Teck Resources (TCK) had a dream run this year with the stock delivering a 556% year-to-date (or YTD) return. Higher commodity prices and an improved risk-on sentiment were TCK’s key drivers in 2016. Other miners (RIO) (SCCO) such as Freeport-McMoRan (FCX) and Glencore (GLNCY) also followed commodity prices higher.
In this article, we’ll see what factors could drive Teck Resources’ 2017 performance.
In a bid to control pollution and curtail its excess industrial capacity, China reduced the hours for workers in its coal sector. However, the country subsequently relaxed the mining day norm to control skyrocketing prices. Higher coal output in China could help bring down the country’s reliance on imports, which would be negative for seaborne prices.
China has banned coal imports from North Korea to comply with the United Nations’ sanctions against the country. However, the ban is temporary and should last only until the end of 2016. Having said that, if the ban is extended into 2017, it could have an impact on prices.
The outlook for coal remains uncertain given the many variables involved. If Chinese coal mills ramp up their productions, the rally in coal prices could fizzle away. Higher Chinese demand has been a key driver of seaborne prices this year.
Having said that, coal prices seem to have settled at higher price levels for now, as is reflected in recent contracts.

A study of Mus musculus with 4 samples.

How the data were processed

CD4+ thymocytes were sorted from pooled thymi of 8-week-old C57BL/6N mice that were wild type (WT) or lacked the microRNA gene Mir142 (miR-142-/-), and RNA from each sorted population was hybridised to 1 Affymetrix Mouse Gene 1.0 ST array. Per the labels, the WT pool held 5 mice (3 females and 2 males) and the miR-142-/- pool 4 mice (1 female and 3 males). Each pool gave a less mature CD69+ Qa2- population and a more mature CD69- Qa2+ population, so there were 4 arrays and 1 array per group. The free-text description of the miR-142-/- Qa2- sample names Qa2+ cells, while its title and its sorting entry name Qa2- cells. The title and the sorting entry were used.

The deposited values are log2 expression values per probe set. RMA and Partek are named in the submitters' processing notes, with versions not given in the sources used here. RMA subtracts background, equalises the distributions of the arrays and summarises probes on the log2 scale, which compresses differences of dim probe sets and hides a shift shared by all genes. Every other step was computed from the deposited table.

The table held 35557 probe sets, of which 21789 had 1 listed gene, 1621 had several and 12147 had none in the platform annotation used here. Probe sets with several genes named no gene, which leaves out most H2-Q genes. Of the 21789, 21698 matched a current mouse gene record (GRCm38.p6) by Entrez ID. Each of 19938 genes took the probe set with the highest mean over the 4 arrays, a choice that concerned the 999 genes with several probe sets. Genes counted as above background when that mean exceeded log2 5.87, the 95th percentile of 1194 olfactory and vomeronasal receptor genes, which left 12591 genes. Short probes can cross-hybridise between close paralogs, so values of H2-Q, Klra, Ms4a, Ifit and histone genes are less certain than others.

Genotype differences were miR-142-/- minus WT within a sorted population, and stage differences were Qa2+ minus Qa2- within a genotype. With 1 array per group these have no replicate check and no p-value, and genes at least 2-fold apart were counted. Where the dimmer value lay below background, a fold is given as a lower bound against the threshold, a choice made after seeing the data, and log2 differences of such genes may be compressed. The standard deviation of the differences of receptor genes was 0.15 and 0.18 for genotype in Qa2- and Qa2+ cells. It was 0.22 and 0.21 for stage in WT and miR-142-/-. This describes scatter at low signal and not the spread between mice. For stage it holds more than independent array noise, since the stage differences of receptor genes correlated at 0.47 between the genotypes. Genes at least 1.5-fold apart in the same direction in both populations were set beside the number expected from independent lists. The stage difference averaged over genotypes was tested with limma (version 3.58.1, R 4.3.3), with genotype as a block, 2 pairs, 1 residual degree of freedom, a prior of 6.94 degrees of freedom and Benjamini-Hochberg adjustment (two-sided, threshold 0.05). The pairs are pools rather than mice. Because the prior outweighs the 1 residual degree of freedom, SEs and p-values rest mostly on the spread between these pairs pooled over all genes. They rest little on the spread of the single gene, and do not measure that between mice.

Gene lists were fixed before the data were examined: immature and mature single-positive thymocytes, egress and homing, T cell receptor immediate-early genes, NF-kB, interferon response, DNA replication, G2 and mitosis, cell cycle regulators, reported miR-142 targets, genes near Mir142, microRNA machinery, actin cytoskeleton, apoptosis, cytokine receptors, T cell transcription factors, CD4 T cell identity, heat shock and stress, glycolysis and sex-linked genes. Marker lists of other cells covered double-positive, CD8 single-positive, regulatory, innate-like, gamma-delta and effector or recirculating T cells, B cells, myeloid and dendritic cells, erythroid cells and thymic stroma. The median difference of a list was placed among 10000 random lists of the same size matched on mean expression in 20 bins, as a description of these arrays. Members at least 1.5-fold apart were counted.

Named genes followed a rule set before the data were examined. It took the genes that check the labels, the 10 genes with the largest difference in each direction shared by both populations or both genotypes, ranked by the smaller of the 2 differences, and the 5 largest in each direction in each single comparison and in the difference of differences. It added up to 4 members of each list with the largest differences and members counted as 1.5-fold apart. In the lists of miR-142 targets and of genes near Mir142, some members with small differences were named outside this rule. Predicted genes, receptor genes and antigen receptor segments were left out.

Copper has rallied handsomely on Donald Trump’s proposed infrastructure investments. However, we still don’t know much about how Trump’s trade and foreign policy will impact the global economy. If Trump can walk the thin line between boosting US growth and not hurting global trade and economic activity, copper prices should get support. However, if we see trade wars, global economic activity could be jeopardized, and copper prices could come under pressure.
While the worst for commodities could be behind us, a sustainable turnaround in the commodity cycle would require more than infrastructure investments. We should remember that the bulk of copper is consumed in Asia, as can be seen in the graph above.
You can read Has the Commodity Cycle Turned Around? to find out what factors could drive commodity prices in the near term.
You can also visit our Copper page for ongoing updates on the industry.